Reflections on the 100th Birthday of Taiichi Ohno
Taiichi Ohno was born on February 29, 1912 in Dalian, China as the son of Ichizou Ohno, who was at that time an engineer of refractory bricks at the Manchurian Railway Company, a Japanese government arm for managing and developing Manchuria.
His first name “Taiichi” was taken from the “taika renga”, which means refractory or fire-resistant bricks. The word “tai” means to endure and persevere. “Ichi” means number one. It also means to concentrate.
After returning to Kariya City in Japan, Ichizou set up a refractory bricks company and became its chief engineer. Later, he went into politics and became the mayor of Kariya City, a member of the prefectural congress, and finally a representative in the Japanese National Diet. While he was mayor, Ichizou assisted Toyota management in identifying locations for setting up new plants. Today, many Toyota group companies are located in Kariya.
In his middle and high school days, Taiichi Ohno was an active sportsman and a member of football teams. Perhaps this influenced him as he was fond of saying later in life:
“Teaching means to teach something unknown. Training means to repeatedly practice something you know until your body remembers it.”
Upon graduation from the engineering college in 1932, he joined Toyoda Spinning and Weaving Company where he learned such practices as jidoka and multiple-machine handling developed by Sakichi Toyoda, the founder of Toyota group of companies.
In 1943, he was transferred to Toyoda Motor Company when his company was absorbed by it. His experiences at his former company helped Ohno to develop Toyota Production System which embraced many unique practices like jidoka, multiple-process handling and continuous flow which he had learned during those years.
The rest of Taiichi Ohno’s career is now history. Today, he is remembered as a person who built a management system called in such names as Toyota Production system, lean production, and just-in-time production, all over the world. Ohno changed the way to make products, and increasingly how we deliver service in hospitals and even the public sector.
I had the unique privilege of spending time with Taiichi Ohno while accompanying him on his journeys to USA, New Zealand and Australia. This allowed me to stay close to the great man’s “voices and coughs,” as we say in Japan. I even played golf with him!
Once he asked me how the terms kaizen and kairyo (reform) were differentiated in the West. I said that while kaizen means to make improvement by using brains, kairyo means to make improvement by using money and that in the West, most managers only think of improvement in terms of money. He liked this definition and quoted it on several occasions during his public speeches.
Although very few of today’s business leaders have met or heard directly from Taiichi Ohno, the impact of his ideas and deeds is widely felt. He left an anthology of his sayings and axioms on management. I will mention a few of them in his memory.
“Let the flow manage the processes, and not let management manage the flow”.
In the lean approach, the starting point of the information flow is the final assembly process, or where the customer order is provided, and then the flow goes upstream by means a pull signal such as kanban. On the other hand, the flow of materials moves downstream from the raw material stage to the final assembly. In both cases the flow should be maintained smoothly without interruption.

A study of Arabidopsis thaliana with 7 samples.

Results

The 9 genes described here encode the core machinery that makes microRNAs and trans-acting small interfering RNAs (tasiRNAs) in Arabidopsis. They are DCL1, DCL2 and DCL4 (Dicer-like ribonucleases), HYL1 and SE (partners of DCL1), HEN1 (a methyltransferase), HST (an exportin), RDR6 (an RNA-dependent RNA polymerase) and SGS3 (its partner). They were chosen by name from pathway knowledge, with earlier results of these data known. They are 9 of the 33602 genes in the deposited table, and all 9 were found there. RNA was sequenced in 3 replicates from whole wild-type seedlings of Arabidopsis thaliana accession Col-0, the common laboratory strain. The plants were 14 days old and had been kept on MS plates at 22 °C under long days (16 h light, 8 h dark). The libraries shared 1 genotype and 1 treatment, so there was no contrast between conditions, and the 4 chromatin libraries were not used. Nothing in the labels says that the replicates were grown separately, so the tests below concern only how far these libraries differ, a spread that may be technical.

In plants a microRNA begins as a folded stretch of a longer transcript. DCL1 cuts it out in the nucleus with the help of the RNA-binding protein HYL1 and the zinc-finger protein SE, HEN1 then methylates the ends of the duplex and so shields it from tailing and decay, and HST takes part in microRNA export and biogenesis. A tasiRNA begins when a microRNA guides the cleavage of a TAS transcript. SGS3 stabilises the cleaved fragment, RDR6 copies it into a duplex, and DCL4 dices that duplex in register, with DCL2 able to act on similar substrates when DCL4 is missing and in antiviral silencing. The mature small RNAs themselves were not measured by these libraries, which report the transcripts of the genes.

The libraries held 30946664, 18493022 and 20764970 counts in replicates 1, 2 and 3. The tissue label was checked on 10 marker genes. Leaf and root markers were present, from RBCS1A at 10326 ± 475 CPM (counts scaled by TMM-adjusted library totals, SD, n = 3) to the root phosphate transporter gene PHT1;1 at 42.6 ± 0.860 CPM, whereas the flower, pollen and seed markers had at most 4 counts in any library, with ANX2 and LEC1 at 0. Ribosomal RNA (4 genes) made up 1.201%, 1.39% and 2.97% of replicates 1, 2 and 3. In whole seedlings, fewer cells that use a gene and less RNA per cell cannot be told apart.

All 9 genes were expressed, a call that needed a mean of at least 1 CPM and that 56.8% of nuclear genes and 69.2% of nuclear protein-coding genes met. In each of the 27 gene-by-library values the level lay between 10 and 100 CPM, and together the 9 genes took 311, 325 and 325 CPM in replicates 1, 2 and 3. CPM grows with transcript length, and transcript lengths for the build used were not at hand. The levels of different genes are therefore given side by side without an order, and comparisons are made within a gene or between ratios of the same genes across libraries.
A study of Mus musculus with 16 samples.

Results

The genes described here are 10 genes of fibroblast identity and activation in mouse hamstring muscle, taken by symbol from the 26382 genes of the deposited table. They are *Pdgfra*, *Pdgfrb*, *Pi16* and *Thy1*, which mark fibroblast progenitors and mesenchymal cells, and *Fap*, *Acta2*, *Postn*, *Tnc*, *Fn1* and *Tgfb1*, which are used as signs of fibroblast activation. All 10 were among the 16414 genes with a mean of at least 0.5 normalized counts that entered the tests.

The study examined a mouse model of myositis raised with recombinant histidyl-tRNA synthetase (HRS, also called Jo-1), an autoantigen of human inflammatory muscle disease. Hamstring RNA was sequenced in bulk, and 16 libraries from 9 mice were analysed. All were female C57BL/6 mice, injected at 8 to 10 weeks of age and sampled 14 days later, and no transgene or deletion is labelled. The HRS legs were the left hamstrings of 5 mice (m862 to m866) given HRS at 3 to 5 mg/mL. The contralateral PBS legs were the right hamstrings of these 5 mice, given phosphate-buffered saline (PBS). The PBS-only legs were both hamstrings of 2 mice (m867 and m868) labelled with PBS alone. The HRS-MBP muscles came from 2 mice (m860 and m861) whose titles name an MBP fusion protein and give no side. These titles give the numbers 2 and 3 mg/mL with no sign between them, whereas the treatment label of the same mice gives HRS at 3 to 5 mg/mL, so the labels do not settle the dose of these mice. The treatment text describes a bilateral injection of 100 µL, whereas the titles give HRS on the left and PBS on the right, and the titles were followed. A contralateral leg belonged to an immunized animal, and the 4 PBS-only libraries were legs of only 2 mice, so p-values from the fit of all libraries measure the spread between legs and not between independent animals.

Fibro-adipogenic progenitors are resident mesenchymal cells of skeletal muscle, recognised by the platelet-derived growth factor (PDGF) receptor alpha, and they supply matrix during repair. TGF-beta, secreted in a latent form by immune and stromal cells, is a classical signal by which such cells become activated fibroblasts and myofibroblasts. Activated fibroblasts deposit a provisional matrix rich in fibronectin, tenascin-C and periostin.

Unfortunately, in a majority of companies today, the flow is disrupted and meddled with by the convenience of the shop-floor management.
“Machines do not break down; people cause them to break.”
His life-long pursuit was to make a smooth and undisturbed flow as a foundation of all good operations. He believed that wherever and whenever the flow is disrupted, there is an opportunity to do kaizen.
“The gemba and the gembutsu have the information. We must listen to them.”
Taiichi Ohno always placed respect for the worker first in his approach to kaizen. His focus was always on the customer, both external and internal.
“Just-in-time means that customer delight is directly transmitted to those who are making the product.”
Ohno was a man of deeds. Learning by doing was his motto and he did not engage in empty discussions. You pay money to buy books and go to seminars and gain new knowledge. But knowledge is knowledge, nothing more.
“Knowledge is something you buy with the money. Wisdom is something you acquire by doing it,”
But you gain the wisdom only after you have done it. The real understanding of the lean operations is gained only after you have done it. No matter how many pages you may read on lean books, you know nothing if you have not done it.
“To understand means to be able to do.”
It is with fondness and tremendous gratitude that I remember the great man Taiichi Ohno in this 100th year of his birth.
About Masaaki Imai
Mr. Imai is the founder of Kaizen Institute, a leading global operational excellence consultancy. More than any other business authority in the world, Masaaki Imai has championed the practice of kaizen over the past three decades. In 2010 Masaaki Imai was honored for his lifetime of contribution with the first ever Fellowship of Quality Council of India, the apex quality body of the Government of India.
Mr. Imai continues to write, lecture and inspire audiences worldwide to strive for continuous improvement. To learn more about Mr. Imai and his upcoming schedule, please visit http://bit.ly/xlJYEN
His book Kaizen is the reference on the subject and the sequel Gemba Kaizen introduced real-world applications of continuous process improvement methods in production and service businesses. McGraw-Hill will release the fully revised Gemba Kaizen 2nd edition in June 2012.